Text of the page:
Missing mass hiding in galaxy clusters

The galaxy cluster seen in optical light

By BBC News Online Science Editor Dr David Whitehouse

Some of the Universe's missing mass has been revealed hiding in clusters of galaxies.

Astronomers have discovered previously-unseen clouds of hot gas being pulled into the clusters.

The gas has far greater mass than the observable stars in the galaxies and so may make up an appreciable fraction of the mass of the Universe.

[ image: The galaxy cluster seen in ultraviolet light]
The galaxy cluster seen in ultraviolet light
Astronomers have puzzled over the 'missing mass' of the Universe for decades. The problem is that what we can see in the Universe only accounts for about 10% of its the total mass.

Ninety per cent of the Universe is invisible and can only be detected by its gravitational effects.

A team of astronomers used the highly sensitive Nasa Extreme Ultraviolet Explorer satellite to detect radiation coming from the vast spaces between galaxies.

They believe the UV radiation is coming from hot gas that is being sucked into the core of the galaxy cluster from outside.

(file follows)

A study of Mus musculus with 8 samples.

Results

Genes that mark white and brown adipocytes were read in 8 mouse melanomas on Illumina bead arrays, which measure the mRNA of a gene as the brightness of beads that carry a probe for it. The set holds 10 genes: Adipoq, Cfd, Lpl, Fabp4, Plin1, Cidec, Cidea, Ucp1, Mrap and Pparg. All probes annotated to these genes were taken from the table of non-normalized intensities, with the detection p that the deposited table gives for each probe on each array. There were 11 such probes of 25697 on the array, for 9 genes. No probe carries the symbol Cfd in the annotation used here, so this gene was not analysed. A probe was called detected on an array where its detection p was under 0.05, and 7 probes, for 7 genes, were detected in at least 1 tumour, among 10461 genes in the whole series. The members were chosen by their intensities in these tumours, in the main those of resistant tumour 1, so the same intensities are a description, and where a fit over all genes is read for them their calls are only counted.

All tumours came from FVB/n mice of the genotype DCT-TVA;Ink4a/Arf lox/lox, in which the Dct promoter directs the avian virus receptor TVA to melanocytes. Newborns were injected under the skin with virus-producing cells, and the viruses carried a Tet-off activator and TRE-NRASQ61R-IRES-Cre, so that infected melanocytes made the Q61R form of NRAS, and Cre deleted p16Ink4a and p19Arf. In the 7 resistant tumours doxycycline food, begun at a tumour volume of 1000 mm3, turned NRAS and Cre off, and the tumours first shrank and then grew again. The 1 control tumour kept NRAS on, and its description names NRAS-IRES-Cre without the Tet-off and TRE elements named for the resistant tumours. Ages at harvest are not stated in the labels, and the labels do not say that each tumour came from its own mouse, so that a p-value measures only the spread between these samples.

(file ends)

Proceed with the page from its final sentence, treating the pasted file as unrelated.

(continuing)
It is something not seen before. According to Dr Richard Lieu, of University of Alabama: "The UV radiation represents a genuine component of intracluster space."

One object, the Abel 1795 cluster, seems to have enough hot gas to cause the entire cluster to collapse in on itself, pulled by gravity.

Dr Lieu speculates that as the cluster of galaxies is intact, then the gas cannot have been in the cluster for very long. It must therefore have been sucked in from the space in-between the clusters of galaxies.

The new gas clouds are not massive enough to be all of the much sought after missing mass. But it does provide a few clues.

If a new component of galaxy clusters has been identified, and that component is just warm gas, then what else might be lurking out there between the clusters?